Lifestyle · travel

What’s life as a member of Cabin Crew really like?

 

emirates

More and more people are looking to the airline Emirates to sate their wanderlust as a member of the airline’s cabin crew. I spoke to a member of the Emirates cabin crew to find out if life in the skies really is as glamorous as its looks. All Emirates employees are based in Dubai, one of the largest cities in the United Arab Emirates (UAE) renowned for its hyper-luxury lifestyles and world-beating architecture.

 So what’s it like living in Dubai?

Dubai is a fast moving city with many cultures living together. I enjoy living here, but there are huge inequalities between classes and cultures here where most of the service and construction workers live in sub-par conditions and are paid very little

What does your role include on a daily basis?

My role varies, sometimes I need to be there for the safety and security of the passengers and my colleagues. This involves thorough safety and security checks of the entire cabin. Other times I am there as a service to the passengers serving meals and drinks and dealing with issues and complaints.

 

How many flights a week?

We work an average of around 90 flying hours per month, which is normally broken into 6/8 flights depending on the length of the flight.

 

How long do you usually get to spend in the places you visit?

Usually we spend 24hrs in a city but if we fly for a long time 12+ hrs we then normally have 48 hrs

 

Dubai is known for its tax-free salary, expenses paid etc., what is your salary like?

The salary is close to what I was getting back at home in Dublin. I can live comfortably. The company pay for our rent bills and provide transport which is great so you come out with more at the end of the month. Also, we get a FACE card when we join which gives us tonnes of discounts across the city.

 

Do Emirates pay for your hotel etc. when you have a stop off in the country?

Yes, they bring us to the hotel pay for it normally a 4* hotel like the Hilton or the Marriott. We also get an allowance for food and other necessities the amount depends on the location for example in Dublin the allowance is €65.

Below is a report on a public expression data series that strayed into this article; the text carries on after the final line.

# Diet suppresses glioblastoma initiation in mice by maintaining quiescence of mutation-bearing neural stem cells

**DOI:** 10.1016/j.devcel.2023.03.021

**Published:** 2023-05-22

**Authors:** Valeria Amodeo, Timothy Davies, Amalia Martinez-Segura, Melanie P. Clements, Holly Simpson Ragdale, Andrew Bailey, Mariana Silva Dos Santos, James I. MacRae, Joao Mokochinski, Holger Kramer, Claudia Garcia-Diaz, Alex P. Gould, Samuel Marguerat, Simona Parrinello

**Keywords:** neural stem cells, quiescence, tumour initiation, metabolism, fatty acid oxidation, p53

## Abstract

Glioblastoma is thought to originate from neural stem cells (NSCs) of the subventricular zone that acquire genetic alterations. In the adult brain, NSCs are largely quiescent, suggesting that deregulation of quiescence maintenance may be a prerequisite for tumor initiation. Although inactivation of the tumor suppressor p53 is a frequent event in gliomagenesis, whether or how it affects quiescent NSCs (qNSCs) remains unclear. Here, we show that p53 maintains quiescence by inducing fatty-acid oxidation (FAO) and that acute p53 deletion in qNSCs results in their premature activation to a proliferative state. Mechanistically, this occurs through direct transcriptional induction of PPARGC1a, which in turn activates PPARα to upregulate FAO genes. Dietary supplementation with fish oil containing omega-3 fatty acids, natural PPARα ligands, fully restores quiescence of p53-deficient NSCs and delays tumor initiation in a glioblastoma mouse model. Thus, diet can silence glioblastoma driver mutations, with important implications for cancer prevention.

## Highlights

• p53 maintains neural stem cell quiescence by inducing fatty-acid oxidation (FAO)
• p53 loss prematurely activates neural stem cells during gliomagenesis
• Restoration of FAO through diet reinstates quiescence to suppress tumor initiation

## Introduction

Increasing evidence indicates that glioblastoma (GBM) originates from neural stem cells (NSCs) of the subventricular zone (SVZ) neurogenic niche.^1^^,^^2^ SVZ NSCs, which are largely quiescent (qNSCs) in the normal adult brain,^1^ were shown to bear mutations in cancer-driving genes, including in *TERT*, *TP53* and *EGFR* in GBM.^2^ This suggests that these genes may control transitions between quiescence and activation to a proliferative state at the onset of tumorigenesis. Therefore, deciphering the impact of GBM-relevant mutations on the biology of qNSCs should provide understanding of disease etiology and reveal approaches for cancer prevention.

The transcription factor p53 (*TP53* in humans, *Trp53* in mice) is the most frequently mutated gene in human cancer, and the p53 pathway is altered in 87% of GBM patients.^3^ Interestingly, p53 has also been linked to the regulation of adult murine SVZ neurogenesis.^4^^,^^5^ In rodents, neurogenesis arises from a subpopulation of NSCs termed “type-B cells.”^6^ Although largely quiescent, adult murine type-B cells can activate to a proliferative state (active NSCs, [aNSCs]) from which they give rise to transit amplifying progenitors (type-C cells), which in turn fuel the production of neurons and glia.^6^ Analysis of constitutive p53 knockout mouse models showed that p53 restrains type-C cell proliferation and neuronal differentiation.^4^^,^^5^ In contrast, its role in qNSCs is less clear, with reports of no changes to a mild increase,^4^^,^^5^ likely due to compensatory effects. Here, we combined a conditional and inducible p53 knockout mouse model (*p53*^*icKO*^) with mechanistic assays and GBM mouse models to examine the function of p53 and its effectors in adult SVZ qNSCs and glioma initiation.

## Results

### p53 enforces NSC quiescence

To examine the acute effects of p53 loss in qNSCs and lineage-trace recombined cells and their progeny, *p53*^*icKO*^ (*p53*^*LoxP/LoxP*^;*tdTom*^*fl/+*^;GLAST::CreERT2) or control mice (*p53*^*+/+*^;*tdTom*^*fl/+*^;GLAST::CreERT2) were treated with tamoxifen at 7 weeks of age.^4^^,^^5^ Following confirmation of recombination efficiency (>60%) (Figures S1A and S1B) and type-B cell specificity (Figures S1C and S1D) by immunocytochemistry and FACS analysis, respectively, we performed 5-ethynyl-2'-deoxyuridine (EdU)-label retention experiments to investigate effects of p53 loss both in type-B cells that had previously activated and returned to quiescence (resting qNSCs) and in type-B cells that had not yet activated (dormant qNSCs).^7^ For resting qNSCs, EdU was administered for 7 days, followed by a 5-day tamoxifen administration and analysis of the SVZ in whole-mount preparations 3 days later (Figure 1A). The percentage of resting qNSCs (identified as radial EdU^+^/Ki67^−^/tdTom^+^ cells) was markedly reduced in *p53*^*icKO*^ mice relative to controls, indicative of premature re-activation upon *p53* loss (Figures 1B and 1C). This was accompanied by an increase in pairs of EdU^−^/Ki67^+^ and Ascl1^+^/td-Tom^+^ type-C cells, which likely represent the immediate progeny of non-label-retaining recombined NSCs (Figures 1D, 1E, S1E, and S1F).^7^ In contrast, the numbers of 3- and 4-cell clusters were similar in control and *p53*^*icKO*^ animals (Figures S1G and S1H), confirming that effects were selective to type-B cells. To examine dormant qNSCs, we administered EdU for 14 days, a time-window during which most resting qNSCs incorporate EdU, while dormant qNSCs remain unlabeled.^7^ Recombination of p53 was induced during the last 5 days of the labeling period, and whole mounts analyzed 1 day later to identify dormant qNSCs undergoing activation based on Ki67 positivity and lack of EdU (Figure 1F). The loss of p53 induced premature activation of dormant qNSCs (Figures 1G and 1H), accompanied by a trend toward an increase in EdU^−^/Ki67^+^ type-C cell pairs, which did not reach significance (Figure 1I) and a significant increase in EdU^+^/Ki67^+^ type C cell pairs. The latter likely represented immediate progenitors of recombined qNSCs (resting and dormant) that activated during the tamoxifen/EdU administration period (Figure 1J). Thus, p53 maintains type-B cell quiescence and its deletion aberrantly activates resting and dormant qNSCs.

For those who are interested in all the above, The Emirates Cabin Crew recruitment team conducts regular assessments and interviews in numerous countries worldwide, including an open day in Dublin this October.

But what does our interviewee say about the whole process…

Can you take me through the training / interview process?

The interview lasts three days. The first day you submit your CV and photos. Information is given about the job role and life in Dubai. The first cut is made after this. I do not know for certain but I am told that this cut is done primarily on the photos submitted. The next day is broken into various group activities with cuts made after each activity. The main criteria for candidates is a reach test of 212cm.

 

What skills are need to be cabin crew?

To be a cabin crew you must be outgoing and confident. For Emirates in particular, there is a certain look or image they go for. This is never confirmed by the company, but is something just accepted amongst the crew. Willingness to move to the U.A.E for the duration of the contract. Interest in working closely with other cultures. Provide excellent customer service skills in a highly intense environment.

 

What’s it like being away from home?

As I have been living away from home since the age of 18 I am very used to it. Though Dubai is the farthest I’ve been and the most culturally different. I do enjoy being here and experiencing new things and places every day.

 

What has been the difference from your first few month’s vs how you feel now?

I feel really comfortable now.It took about 8 months to really settle in.

But now I am ready to progress in the company into business class. This normally takes about one and a half to two years to happen.

 

What’s the best part of the job?

Obviously, the best part is the travelling. I have seen so much of the world in the past year than I could imagine.

 

And the worst?

The hardest part is the long hours at the God-forsaken hours. I don’t think I will ever get used to waking up at 1am to start work at 3am for a 12+ hour flight.